SSMS suggested I use the HAVING clause but then I would need to group by all the other columns (right?) which I did not want to have to do so I ended up using the sub query.

Is using the sub query the most efficient way or should I use the Having clause so I don't have to read from the same table twice?

Is the difference negligible?

select *
from [DW_STAGE].[ETL].[Claims]
where pd_dt > (
        select dateadd(m, - 12, cast(max(pd_dt) as date))
        from [DW_STAGE].[ETL].[Claims]
        )
    How did SSMS suggest this syntax? Are you using the horrible query designer? Jan 22, 2016 at 22:22
  • 1
    If you want a better answer, please provide the table schema (or at least the indexes) and perhaps some sample data. I'm also worried that pd_dt is not a date/datetime/datetime2 column, and that this might bloat an index, but again, I'm just guessing here for lack of a table schema. Jan 22, 2016 at 22:29
  • 1
    @DanielHutmacher: I don't think there is any evidence that pd_dt is not a datetime or datetime2. The OP may be casting it to date simply to cover whole days.
    – Andriy M
    Jan 23, 2016 at 16:30

2 Answers 2


DECLARE @dt date;
SELECT @dt=DATEADD(month, -12, CAST(MAX(pd_dt) AS date)) FROM DW_STAGE.ETL.Claims;

SELECT * FROM DW_STAGE.ETL.Claims WHERE pd_dt>@dt;

Things you could do to improve performance:

  • Reduce the number of columns from * to those specific columns that you need.
  • Create a covering, non-clustered index for these columns, where the first column of the index is pd_dt or pd_dt DESC.
    – Andriy M
    Jan 23, 2016 at 16:28
  • Exactly, INCLUDE being what makes the index covering (unless it's already clustered). Jan 23, 2016 at 17:11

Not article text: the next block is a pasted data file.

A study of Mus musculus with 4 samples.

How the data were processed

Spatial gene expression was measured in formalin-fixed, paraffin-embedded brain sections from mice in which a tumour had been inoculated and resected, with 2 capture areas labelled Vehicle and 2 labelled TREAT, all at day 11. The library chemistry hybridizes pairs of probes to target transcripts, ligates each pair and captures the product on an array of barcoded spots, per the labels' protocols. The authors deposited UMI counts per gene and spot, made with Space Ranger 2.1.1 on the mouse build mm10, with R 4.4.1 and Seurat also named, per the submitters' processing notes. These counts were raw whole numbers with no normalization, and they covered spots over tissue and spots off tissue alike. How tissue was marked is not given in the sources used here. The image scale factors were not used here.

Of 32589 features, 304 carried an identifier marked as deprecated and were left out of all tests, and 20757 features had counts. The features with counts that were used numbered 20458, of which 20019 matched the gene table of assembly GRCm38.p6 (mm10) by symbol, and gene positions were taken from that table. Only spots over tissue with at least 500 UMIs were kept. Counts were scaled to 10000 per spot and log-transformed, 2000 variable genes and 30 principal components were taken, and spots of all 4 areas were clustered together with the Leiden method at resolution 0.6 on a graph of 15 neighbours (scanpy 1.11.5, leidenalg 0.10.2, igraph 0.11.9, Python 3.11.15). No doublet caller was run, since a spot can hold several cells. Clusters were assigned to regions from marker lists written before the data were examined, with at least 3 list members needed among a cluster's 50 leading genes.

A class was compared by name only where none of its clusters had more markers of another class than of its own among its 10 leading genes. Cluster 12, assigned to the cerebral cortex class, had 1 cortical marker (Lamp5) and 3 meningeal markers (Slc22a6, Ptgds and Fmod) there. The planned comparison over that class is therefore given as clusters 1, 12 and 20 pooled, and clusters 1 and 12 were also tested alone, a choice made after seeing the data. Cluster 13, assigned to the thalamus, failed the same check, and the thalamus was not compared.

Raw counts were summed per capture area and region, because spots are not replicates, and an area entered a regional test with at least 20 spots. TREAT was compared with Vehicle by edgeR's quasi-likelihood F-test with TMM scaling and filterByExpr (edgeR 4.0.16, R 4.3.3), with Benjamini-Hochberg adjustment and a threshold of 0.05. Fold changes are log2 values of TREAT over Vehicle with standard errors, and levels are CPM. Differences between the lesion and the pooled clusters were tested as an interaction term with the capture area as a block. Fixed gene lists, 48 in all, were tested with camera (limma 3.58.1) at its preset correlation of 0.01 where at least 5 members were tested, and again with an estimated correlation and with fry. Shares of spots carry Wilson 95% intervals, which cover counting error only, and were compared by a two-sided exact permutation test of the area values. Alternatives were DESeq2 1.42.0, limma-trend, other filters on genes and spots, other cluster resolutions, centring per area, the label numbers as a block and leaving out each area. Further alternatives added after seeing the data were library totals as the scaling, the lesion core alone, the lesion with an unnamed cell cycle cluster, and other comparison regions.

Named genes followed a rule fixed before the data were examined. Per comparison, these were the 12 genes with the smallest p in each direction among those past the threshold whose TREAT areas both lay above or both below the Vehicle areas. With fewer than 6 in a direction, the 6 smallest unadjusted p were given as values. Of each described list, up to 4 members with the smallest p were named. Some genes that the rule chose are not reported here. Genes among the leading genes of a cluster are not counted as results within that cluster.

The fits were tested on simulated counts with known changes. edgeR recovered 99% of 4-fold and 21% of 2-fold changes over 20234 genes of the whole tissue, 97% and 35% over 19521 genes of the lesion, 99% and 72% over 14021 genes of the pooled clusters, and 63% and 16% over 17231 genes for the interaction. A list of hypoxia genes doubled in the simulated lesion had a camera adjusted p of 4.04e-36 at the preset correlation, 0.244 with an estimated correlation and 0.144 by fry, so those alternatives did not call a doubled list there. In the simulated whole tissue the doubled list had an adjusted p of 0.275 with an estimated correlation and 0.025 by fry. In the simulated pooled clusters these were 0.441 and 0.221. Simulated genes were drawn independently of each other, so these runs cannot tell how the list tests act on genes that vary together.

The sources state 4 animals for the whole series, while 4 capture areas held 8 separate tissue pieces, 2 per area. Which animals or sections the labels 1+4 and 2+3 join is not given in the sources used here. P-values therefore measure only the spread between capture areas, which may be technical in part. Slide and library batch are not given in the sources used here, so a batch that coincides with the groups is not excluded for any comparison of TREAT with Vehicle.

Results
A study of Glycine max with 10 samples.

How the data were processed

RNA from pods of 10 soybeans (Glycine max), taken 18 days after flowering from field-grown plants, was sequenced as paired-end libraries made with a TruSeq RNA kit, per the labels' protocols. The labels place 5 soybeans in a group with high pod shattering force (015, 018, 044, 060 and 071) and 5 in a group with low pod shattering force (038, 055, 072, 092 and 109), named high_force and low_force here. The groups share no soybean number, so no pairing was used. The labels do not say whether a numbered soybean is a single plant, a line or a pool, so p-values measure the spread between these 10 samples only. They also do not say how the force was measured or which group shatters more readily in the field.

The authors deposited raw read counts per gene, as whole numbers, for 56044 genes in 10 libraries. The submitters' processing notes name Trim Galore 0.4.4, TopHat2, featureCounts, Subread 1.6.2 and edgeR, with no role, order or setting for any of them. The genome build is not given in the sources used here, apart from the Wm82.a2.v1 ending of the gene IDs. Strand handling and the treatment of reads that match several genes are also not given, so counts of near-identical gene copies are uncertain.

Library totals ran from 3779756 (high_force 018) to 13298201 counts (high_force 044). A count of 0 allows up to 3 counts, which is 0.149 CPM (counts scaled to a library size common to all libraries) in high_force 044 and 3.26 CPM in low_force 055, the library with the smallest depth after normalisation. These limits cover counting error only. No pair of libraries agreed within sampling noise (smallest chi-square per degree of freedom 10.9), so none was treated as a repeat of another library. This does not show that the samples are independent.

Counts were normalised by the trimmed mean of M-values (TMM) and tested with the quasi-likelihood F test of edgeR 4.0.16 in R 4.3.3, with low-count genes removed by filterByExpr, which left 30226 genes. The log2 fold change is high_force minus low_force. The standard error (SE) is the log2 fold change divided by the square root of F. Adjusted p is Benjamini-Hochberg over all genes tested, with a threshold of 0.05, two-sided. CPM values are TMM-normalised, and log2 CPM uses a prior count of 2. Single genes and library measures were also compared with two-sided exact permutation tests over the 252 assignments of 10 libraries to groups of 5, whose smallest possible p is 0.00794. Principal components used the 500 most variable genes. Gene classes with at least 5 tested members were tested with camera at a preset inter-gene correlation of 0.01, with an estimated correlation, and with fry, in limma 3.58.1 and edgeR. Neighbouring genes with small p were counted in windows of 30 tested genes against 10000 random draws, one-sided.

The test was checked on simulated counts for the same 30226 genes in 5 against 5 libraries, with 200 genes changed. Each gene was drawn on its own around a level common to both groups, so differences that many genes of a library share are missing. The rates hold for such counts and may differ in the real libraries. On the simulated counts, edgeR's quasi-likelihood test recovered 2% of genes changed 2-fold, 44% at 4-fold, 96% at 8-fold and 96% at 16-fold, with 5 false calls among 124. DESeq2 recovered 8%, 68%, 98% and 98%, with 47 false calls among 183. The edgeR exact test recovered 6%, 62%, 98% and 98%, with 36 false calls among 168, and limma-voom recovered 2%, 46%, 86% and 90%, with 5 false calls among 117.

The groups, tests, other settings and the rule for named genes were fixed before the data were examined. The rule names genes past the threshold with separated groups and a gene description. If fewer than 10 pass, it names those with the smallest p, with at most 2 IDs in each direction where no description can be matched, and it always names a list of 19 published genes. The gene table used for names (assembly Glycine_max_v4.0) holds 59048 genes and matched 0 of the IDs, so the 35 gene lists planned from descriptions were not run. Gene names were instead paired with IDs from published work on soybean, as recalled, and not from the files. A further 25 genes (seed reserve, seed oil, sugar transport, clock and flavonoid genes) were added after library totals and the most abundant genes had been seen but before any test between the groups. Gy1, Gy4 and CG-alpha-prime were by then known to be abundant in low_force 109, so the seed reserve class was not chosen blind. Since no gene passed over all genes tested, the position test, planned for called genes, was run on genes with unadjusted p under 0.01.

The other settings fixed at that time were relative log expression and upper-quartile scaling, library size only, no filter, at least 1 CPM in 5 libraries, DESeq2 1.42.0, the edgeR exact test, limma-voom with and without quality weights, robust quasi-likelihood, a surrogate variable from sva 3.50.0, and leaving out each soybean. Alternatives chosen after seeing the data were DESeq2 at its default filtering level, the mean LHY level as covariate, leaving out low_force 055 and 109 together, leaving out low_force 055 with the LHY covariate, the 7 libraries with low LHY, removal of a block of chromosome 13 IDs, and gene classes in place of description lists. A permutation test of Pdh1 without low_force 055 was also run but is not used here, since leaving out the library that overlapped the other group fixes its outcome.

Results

SELECT
  t1.*
FROM
  DW_STAGE.ETL.Claims AS t1
  CROSS JOIN
  DW_STAGE.ETL.Claims AS t2
GROUP BY
  t1.column1,
  t1.column2,
  ... /* and so on to include all t1 columns */
HAVING
  t1.pd_st > DATEADD(MONTH, -12, CAST(max(pd_dt) AS date));

Obviously, the table is touched twice here – just as in your posted query, except this query is much uglier than yours.

Nevertheless, it is possible to accomplish what you want without referencing the table twice. You can use window aggregation and a derived table for that:

SELECT
  *
FROM
  (
    SELECT
      *,
      max_pd_dt = MAX(pd_dt) OVER ()
    FROM
      DW_STAGE.ETL.Claims
  ) AS s
WHERE
  pd_dt > DATEADD(MONTH, -12, CAST(max_pd_dt AS date))
;

Or your can substitute a CTE for the derived table:

WITH cte AS
  (
    SELECT
      *,
      max_pd_dt = MAX(pd_dt) OVER ()
    FROM
      DW_STAGE.ETL.Claims
  ) AS s
SELECT
  *
FROM
  cte
WHERE
  pd_dt > DATEADD(MONTH, -12, CAST(max_pd_dt AS date))
;

Note that the * in the outer query includes the max_pd_dt column returned by the nested SELECT. To exclude it from the output, you will have to explicitly specify only the DW_STAGE.ETL.Claims columns. That would actually be a good time to heed Daniel Hutmacher's advice to limit your output to just the columns you really need. (And I agree with his other suggestion of creating a covering index.)